The University of Texas Medical Branch at Galveston officially will break ground Friday, April 20 on a new hospital designed to promote a team-based approach to care and provide a modern medical facility for patients and future health care workers.
“This is an exciting new era at UTMB. It’s a time of renewal, restoration and revitalization,” said Dr. David L. Callender, president of UTMB. “We’ve just reopened our children’s hospital and dedicated a new Comprehensive Maternity Center, expanded our clinic services off the island and we’re wrapping up the modernization of the Blocker Burn Unit and the renovation of John Sealy Hospital. And those are just a few of the exciting projects that are helping to transform UTMB into a world-class academic health center.”
Numerous local and state officials are scheduled to speak at the groundbreaking that will begin at 11 a.m. in an area adjacent to the Waverley Smith Pavilion on the University Plaza Garage.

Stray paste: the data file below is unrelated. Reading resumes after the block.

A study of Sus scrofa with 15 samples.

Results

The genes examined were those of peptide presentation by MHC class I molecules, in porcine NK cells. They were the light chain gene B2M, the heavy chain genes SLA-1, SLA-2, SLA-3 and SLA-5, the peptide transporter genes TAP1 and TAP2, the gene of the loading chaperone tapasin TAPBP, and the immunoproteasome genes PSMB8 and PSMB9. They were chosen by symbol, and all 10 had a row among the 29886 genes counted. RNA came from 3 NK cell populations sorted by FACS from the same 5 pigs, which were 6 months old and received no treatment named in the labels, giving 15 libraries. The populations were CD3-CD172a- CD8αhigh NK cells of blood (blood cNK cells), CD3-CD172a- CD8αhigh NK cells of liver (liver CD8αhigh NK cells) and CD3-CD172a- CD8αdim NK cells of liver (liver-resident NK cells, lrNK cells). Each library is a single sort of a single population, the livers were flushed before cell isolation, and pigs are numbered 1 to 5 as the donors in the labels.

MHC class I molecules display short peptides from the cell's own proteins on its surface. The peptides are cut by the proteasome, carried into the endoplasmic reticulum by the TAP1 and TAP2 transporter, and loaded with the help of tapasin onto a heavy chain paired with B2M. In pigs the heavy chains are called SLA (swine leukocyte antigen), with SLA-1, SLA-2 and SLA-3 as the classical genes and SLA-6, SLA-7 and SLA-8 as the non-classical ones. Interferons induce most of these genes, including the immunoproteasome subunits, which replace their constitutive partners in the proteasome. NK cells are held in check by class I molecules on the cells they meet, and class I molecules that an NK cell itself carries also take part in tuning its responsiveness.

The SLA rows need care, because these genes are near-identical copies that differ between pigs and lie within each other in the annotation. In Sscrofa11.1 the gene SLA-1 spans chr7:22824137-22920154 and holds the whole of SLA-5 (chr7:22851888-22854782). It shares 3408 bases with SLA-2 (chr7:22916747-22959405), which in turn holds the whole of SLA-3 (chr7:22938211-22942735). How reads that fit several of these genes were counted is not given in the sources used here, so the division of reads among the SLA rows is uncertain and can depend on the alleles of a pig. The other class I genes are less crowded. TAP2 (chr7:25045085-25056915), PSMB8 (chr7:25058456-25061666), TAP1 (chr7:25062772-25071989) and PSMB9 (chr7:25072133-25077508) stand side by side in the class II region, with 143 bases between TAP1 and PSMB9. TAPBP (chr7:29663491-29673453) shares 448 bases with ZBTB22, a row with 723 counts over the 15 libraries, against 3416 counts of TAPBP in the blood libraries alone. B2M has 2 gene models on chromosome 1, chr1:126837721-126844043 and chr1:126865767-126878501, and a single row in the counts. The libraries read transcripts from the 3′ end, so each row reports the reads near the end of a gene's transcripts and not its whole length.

The $438 million facility will feature 310 patient rooms, including 54 dedicated ICU beds, a 28-bed day surgery unit and 20 state-of-the-art operating suites.
“This new facility reinforces our commitment to provide the best possible care for our patients and the best environment for our physicians and nurses to care for patients in a setting that nurtures and enriches the learning experience for all of our students,” said Donna Sollenberger, executive vice president and CEO of the UTMB Health System.
The new hospital, expected to be completed in 2015 and operational in 2016, is being built on the site of the recently-demolished Jennie Sealy Building and old Shriner’s building. The new hospital is being paid for by $150 million in Tuition Revenue Bonds approved by the state Legislature, $18 million in UTMB funds and $270 million in philanthropy, which includes $170 million from The Sealy & Smith Foundation.
Scheduled guest speakers include representatives of the University of Texas System Board of Regents, The Sealy & Smith Foundation, state Reps. Craig Eiland and Larry Taylor, Galveston Mayor Joe Jaworski and Texas City Mayor Matthew T. Doyle.